In Kerala Floods, Rescuers Use Helicopters and Even Their Own BacksNEW DELHI — The family clung to the rooftop. All around them, floodwaters swirled. One of the family members was in a wheelchair..
Just as things appeared at their most perilous, an Indian military helicopter swooped in, plucking the woman off the rooftop and delicately hoisting her to safety.
“Hail India!” several people wrote on Twitter after video of the rescue went viral on Monday.
“Thank God!” said another.
In the past week, Kerala, a bushy, tropical, low-lying state in southern India, has been walloped by monster floods. The heaviest rainfall in nearly a century has swamped the state, knocking the international airport out of commission, fizzling electricity, inundating hospitals and chasing more than a million people from their homes. Several hundred have died and nearly 220,000 have been displaced.
Many Indians have criticized their central government as doing too little to help, saying that the amount of attention — and money — Prime Minister Narendra Modi has given to this disaster is woefully low.
But there have been stories of valor.
Indian commandos have slid from hovering helicopters on whisper-thin ropes to save the tiniest babies. In one rescue, a young soldier cradled an infant to his chest while being slowly winched up from the floodwaters. The pair dangle precariously in the air, swinging back and forth, as the pilot somehow keeps the chopper hovering perfectly still, flattening the leaves of palm trees below.
Then there are the fishermen. Kerala is a coastal state with a huge fishing industry, and when the floods hit, the fishermen responded. It was like an Indian Dunkirk, reminiscent of when British citizens in small boats ventured to the French coast during World War II to evacuate trapped soldiers.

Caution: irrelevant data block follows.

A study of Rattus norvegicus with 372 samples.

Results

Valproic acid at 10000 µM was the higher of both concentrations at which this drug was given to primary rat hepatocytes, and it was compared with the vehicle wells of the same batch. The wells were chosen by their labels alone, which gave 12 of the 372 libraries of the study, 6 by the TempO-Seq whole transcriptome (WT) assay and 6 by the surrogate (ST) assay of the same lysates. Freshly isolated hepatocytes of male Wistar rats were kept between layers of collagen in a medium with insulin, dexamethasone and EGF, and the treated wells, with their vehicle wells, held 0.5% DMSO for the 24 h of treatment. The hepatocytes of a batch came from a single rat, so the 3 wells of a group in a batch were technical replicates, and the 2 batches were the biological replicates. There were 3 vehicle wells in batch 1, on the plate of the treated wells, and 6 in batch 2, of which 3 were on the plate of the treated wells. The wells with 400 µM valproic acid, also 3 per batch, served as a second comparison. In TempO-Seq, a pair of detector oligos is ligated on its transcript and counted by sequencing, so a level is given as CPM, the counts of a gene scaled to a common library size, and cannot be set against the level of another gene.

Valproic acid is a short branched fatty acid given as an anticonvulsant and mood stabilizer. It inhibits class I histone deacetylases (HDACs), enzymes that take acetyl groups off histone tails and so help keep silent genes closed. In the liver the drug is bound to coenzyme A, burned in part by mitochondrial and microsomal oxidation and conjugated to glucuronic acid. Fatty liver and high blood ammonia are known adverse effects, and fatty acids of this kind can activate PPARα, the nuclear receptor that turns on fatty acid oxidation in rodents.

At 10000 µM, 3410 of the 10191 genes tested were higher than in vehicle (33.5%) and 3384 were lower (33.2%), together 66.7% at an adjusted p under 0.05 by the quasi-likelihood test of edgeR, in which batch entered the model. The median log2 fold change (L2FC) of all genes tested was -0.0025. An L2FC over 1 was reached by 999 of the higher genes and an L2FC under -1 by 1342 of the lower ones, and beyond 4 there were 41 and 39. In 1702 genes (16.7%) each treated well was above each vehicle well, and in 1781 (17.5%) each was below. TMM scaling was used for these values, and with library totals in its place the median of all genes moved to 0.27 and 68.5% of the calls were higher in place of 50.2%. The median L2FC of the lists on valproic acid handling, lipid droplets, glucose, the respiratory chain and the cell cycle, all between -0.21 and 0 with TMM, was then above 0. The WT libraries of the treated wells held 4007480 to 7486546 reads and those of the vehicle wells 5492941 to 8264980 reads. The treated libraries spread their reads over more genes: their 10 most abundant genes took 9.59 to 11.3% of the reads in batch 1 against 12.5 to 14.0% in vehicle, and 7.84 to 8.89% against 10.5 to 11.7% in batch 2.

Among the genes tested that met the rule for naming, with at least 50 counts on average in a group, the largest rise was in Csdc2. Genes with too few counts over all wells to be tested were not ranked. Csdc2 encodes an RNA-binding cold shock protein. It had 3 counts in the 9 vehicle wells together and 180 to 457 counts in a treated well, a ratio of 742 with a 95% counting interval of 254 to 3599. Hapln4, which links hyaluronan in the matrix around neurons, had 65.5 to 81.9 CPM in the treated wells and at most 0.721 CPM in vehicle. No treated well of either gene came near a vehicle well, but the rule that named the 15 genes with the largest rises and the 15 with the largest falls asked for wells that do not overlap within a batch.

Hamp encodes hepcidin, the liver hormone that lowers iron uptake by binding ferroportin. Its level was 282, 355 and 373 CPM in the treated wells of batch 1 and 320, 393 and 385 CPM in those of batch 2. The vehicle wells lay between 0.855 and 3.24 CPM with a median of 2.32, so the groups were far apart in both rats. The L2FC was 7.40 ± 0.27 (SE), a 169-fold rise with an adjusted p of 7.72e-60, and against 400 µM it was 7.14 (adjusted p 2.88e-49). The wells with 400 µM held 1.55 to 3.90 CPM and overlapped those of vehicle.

Setting off in battered, brightly painted boats powered by little outboard motors, the fishermen puttered up and down the state’s submerged streets, rescuing thousands. The traditional boats were sturdier than many of the rubber-hulled government rescue craft, which can get sliced open by sharp pieces of garbage.
One young fisherman took it a step further, so to speak. He got down on his hands and knees in the filthy floodwaters and insisted that people use his back as a step into an awaiting rescue boat. His lips hung an inch above the water as survivor after survivor planted a foot on his back and scampered to safety.
Kerala’s streets now look like rivers.
The pavement is sunk beneath several feet of water the color of tea mixed with milk. This stretch of India is renown for its palm-tree-shaded backwaters — seemingly endless networks of canals sluicing through the state’s rice paddies and ultimately emptying into the Indian Ocean. One of the most beautiful and acclaimed books on India, Arundhati Roy’s “The God of Small Things,” was set here.
The sun has finally come out in Kerala, and the weather this week is forecast to be much better. Still, a light rain fell on Tuesday, leaving dimples on the milky water that seemed to cover everything.